The Unemployment Program – From the Great Depression to the Great Recession
Part 4 – Federal Supplemental Compensation Program
The Unemployment Insurance (UI) Program, created by the Social Security Act of 1935, continues to serve as the first line of defense against the effects of unemployment on the economy. During the Federal Fiscal Year of 1982, the UI Program paid more than $21 billion dollars in unemployment compensation benefits to approximately 11.4 million unemployed workers. This included regular UI payments, UCX payments (military service members), UCFE payments (federal employees) and TRA payments (trade readjustment allowances). During this same time period, 4.8 million employers paid $12.9 billion in state unemployment taxes.
I can’t help myself; I have to jump ahead in time to show a comparison: The Congressional Budget Office (CBO) recently reported that UI benefit payments of $43 billion were made in 2008 and grew to approximately $119 billion in 2009. The CBO projection for 2010 is that benefit payments will reach $133 billion. Furthermore, it projected that employer unemployment taxes would increase from $38 billion in FY 2009 to $75 billion by 2013 and would range between $78-$84 billion through 2020. This is a very large burden for employers to bear, over a very long period of time, and could even be compounded by future recessions.
Back on task, unemployment benefits were originally paid to unemployed workers for a maximum of 13 to 16 weeks. By 1982, the maximum number of weeks an individual could draw UI benefits had increased to 26 weeks. A few states may have even extended the number of weeks an individual could be paid regular benefits a little longer than 26 weeks. During that same timeframe, in periods of very high unemployment, individual states could trigger on an extended benefit period. These extended benefits of 13 additional weeks were paid for through a 50/50 split of the costs between the state and Federal Governments. Throughout time, recessionary economic periods have occurred that dramatically change the way UI benefits were paid.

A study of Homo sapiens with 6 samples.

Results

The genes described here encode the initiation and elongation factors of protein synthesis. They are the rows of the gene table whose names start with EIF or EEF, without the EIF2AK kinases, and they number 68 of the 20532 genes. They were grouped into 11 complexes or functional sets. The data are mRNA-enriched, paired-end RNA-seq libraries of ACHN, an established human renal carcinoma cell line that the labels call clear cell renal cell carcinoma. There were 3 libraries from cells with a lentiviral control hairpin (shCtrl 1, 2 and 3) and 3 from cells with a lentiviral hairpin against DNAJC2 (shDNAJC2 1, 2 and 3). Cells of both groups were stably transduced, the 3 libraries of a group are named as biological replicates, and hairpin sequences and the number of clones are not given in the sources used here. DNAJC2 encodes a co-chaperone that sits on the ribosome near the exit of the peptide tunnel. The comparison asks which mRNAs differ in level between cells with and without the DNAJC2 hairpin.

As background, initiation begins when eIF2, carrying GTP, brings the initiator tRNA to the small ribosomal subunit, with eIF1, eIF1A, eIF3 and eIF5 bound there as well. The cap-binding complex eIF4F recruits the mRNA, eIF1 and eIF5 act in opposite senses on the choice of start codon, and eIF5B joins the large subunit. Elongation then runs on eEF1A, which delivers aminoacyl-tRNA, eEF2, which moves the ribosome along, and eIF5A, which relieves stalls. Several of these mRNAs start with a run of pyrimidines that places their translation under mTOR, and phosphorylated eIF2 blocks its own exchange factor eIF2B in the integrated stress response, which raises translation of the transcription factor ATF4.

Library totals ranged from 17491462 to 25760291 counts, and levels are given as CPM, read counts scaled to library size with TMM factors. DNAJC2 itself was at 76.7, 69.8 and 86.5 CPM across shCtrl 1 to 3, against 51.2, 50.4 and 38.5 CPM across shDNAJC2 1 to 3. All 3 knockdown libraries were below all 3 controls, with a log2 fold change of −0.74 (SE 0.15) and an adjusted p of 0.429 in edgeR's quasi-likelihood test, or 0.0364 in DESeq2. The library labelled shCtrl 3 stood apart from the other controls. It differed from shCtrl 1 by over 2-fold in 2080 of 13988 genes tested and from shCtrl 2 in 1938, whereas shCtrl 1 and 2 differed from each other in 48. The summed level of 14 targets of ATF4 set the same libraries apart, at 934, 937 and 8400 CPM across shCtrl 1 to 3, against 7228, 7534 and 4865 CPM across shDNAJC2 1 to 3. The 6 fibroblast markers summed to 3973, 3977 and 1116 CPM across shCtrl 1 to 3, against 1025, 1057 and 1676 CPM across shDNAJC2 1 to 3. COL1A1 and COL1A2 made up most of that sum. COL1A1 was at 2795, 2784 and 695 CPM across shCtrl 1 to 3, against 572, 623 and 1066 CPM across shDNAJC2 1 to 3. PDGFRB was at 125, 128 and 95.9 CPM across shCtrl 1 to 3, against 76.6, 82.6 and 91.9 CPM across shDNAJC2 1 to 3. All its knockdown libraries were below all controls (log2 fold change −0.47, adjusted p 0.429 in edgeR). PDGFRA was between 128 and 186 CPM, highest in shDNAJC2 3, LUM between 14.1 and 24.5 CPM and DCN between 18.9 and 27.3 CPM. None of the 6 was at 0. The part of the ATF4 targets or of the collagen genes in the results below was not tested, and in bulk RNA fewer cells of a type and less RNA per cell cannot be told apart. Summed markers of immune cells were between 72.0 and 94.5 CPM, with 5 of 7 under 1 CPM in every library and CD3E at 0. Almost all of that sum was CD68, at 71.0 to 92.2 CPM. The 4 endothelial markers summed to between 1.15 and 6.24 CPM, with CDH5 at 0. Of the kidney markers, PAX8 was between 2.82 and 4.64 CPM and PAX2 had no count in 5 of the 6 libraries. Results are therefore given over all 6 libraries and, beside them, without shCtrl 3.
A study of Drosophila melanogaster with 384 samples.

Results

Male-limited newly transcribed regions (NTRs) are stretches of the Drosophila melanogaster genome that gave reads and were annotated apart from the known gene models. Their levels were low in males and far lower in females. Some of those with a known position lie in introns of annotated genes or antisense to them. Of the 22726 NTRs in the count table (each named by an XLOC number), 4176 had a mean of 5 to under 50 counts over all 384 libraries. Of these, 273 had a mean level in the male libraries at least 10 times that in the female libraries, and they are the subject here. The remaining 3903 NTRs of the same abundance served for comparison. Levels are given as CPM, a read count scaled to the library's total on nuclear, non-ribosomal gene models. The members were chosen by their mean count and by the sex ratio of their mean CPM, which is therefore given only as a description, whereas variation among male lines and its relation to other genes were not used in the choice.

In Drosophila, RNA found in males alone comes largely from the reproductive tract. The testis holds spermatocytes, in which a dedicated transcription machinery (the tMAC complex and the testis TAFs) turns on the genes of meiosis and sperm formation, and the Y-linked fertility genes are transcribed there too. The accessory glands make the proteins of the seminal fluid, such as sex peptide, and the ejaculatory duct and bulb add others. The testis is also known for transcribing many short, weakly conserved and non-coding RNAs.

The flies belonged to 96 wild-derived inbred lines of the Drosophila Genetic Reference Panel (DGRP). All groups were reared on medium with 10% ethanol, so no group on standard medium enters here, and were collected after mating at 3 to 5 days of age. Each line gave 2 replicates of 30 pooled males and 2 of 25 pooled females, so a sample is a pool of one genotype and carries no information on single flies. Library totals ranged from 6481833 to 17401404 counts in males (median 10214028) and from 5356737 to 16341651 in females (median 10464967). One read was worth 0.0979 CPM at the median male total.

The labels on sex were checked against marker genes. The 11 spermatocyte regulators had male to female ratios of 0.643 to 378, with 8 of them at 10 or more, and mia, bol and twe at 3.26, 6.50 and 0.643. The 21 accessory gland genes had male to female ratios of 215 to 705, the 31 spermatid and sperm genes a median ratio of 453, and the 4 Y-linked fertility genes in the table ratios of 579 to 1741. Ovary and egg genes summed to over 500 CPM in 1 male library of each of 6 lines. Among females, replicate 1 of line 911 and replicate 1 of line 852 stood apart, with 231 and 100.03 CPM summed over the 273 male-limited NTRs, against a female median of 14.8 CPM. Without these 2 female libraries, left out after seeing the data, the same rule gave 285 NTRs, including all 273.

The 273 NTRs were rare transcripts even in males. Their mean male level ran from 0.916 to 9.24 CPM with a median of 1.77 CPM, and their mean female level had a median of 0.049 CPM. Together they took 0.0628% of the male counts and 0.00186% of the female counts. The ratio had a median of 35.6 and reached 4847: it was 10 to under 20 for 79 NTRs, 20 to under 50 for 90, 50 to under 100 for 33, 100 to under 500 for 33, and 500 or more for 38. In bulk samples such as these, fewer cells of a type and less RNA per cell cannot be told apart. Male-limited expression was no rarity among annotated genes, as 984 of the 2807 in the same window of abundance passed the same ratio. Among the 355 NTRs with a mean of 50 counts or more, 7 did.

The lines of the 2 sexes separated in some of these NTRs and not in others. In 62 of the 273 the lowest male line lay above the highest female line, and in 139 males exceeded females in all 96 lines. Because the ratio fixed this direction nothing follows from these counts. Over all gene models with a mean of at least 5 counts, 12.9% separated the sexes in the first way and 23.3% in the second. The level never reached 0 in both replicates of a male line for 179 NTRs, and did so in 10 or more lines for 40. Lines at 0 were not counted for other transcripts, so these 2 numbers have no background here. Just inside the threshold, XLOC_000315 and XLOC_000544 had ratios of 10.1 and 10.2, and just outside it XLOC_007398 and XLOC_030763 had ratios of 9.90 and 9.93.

During one of these periods of economic downturn, when all states are impacted by high and prolonged unemployment, Federal programs have been adopted by Congress and funded by the Federal Government. These Federal Supplemental Compensation (FSC) Programs, as they were known, occurred twice during the 1970’s and again in September of 1982. The FSC programs went into effect after all regular and extended benefits were exhausted by a claimant for benefits. This effectively extended the first line of defense against economic disaster for unemployed workers when the normal UI Program was not sufficient. We will discuss these periods of economic downturn further in later blogs as we move out of the 70’s and 80’s and into the 90’s through current times and the Great Recession. There have been 13 or 14 recessions over time.
As everyone certainly knows, employers fund the entire Federal/State UI Program through State and Federal payroll taxes. Part 5 of this blog will discuss the FUTA tax offset credit and what requirements a state must meet for employers to be able to claim the credit in their state.